ICD-10 is about two weeks away and your in the last stages (or not) of putting together your command center and go live to support your healthcare organization’s transition to the world of ICD-10 specificity. The ICD-10 Command Center should ideally be staffed with Subject Matter Experts (SME’s) in Information Technology as well as Administrative/Operational and Clinical representatives who record all identified issues and will manage the support processes during the go-live transition.
The Command Center will ensure that the appropriate communication of the go-live progress occurs among the end users and leadership of the healthcare organization prior to, during and after October 1st, 2015. For your command center, you need to think about having:
- A Dedicated room or location(s) that you will have to co-locate your SMEs
- Cell Phones for the “At the Elbow Support” team members who will be supporting the physicians
- Laptops for the staff to work on issue resolution
- White Board/Flip Chart to record issues and resolutions or Incident Reporting Tools/Technologies
- A dedicated phone number(s)/”hot line” for the ICD-10 Command Center that you broadcast to the organization in the run up to the go live and continuously remind through daily status communication
- Beverages and food for the command center team that will be at that site during the day (and possibly nights for areas such as ED)
Your physicians will be impacted in the following ways after they complete their ICD-10 physician education by this month:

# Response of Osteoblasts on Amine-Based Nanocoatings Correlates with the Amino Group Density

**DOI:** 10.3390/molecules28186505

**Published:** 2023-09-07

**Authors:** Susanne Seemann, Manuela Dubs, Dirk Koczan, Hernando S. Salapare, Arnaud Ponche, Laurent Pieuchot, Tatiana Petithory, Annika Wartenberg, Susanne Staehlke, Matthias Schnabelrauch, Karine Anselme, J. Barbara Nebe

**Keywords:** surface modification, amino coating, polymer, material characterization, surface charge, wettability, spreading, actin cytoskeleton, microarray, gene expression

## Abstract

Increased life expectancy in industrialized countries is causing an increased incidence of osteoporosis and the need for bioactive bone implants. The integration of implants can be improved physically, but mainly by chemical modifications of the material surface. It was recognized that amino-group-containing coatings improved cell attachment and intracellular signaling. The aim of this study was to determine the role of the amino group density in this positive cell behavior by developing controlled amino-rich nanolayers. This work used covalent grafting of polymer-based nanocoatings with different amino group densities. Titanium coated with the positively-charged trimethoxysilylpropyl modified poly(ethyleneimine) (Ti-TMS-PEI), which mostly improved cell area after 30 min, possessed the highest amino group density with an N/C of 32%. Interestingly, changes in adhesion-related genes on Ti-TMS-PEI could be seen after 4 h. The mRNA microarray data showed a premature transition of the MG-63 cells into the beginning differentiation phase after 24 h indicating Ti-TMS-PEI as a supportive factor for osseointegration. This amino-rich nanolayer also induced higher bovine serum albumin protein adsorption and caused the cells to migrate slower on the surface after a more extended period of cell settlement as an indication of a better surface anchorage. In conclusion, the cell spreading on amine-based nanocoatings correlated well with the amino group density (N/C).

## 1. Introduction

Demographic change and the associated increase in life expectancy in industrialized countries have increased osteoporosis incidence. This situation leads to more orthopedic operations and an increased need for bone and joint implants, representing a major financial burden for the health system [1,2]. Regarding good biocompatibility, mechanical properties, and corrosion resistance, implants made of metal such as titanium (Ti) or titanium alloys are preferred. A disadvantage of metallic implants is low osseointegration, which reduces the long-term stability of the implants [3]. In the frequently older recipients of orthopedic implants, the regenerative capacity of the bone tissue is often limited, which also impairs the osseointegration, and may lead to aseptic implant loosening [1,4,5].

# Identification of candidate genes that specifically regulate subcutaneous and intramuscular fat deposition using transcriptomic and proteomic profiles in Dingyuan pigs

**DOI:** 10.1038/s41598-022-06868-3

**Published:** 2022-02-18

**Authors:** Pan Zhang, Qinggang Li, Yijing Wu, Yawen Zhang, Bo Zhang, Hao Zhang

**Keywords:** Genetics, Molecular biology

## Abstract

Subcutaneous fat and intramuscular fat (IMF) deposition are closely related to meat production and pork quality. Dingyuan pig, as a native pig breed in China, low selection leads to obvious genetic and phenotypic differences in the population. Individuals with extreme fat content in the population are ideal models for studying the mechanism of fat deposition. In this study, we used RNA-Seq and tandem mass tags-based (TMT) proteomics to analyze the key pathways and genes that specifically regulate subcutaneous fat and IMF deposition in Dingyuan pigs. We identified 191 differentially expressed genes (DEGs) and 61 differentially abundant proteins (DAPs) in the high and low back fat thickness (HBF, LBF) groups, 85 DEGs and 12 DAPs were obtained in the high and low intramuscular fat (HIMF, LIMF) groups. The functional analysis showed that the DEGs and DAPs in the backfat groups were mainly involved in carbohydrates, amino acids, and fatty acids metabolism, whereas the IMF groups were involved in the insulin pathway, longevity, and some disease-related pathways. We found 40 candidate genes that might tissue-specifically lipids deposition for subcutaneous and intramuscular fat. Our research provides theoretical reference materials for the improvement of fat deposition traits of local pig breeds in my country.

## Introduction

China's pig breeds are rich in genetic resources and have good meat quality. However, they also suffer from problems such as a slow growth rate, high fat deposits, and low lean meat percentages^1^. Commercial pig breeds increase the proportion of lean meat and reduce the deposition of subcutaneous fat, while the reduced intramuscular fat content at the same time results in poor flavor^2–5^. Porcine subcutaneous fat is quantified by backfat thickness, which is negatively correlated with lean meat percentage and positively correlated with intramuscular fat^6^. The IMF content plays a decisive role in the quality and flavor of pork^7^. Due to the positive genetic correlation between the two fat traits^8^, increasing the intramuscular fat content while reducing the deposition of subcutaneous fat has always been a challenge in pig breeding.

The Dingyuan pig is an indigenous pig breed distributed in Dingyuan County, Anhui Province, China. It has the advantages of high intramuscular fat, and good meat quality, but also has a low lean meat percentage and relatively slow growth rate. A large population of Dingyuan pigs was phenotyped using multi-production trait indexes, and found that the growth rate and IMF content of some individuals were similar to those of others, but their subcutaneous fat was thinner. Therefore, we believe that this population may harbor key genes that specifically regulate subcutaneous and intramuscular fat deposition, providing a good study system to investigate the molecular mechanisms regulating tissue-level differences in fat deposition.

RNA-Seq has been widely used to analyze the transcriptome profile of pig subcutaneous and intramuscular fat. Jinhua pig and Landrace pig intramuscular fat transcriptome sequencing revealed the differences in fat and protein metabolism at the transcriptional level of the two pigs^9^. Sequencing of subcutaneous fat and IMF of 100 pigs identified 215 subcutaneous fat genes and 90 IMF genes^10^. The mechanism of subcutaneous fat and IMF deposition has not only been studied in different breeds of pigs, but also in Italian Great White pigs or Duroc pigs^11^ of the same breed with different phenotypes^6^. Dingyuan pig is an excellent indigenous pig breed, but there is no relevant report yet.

- As a result of the need to complete education and need for increased specificity of their documentation
- Their future orders for procedures that occur after October 1st, 2015 must contain ICD-10 diagnosis codes.
3.Clinical Documentation Improvement queries will create an additional workload on physicians starting in October and
5.Physicians will begin to select ICD-10 codes October 1st through some sort of job aid that most EMR vendors have included in their software to help mitigate the impact of ICD-10 specificity.
Each organization has different ways in which they are dealing with ICD-10’s regulatory go live on October 1st.
Patients too will be impacted by ICD-10 go live.
There might be possible delays in being seen by their doctors, backlogs by physicians that have not planned ahead, delays by their healthcare payers (insurance companies) in making payments to the provider (hospitals) may cause patient frustration and delay in payments. While we all plan for the worst, but hope for the best, here’s wishing for the best outcome possible for ICD-10 starting October 2015.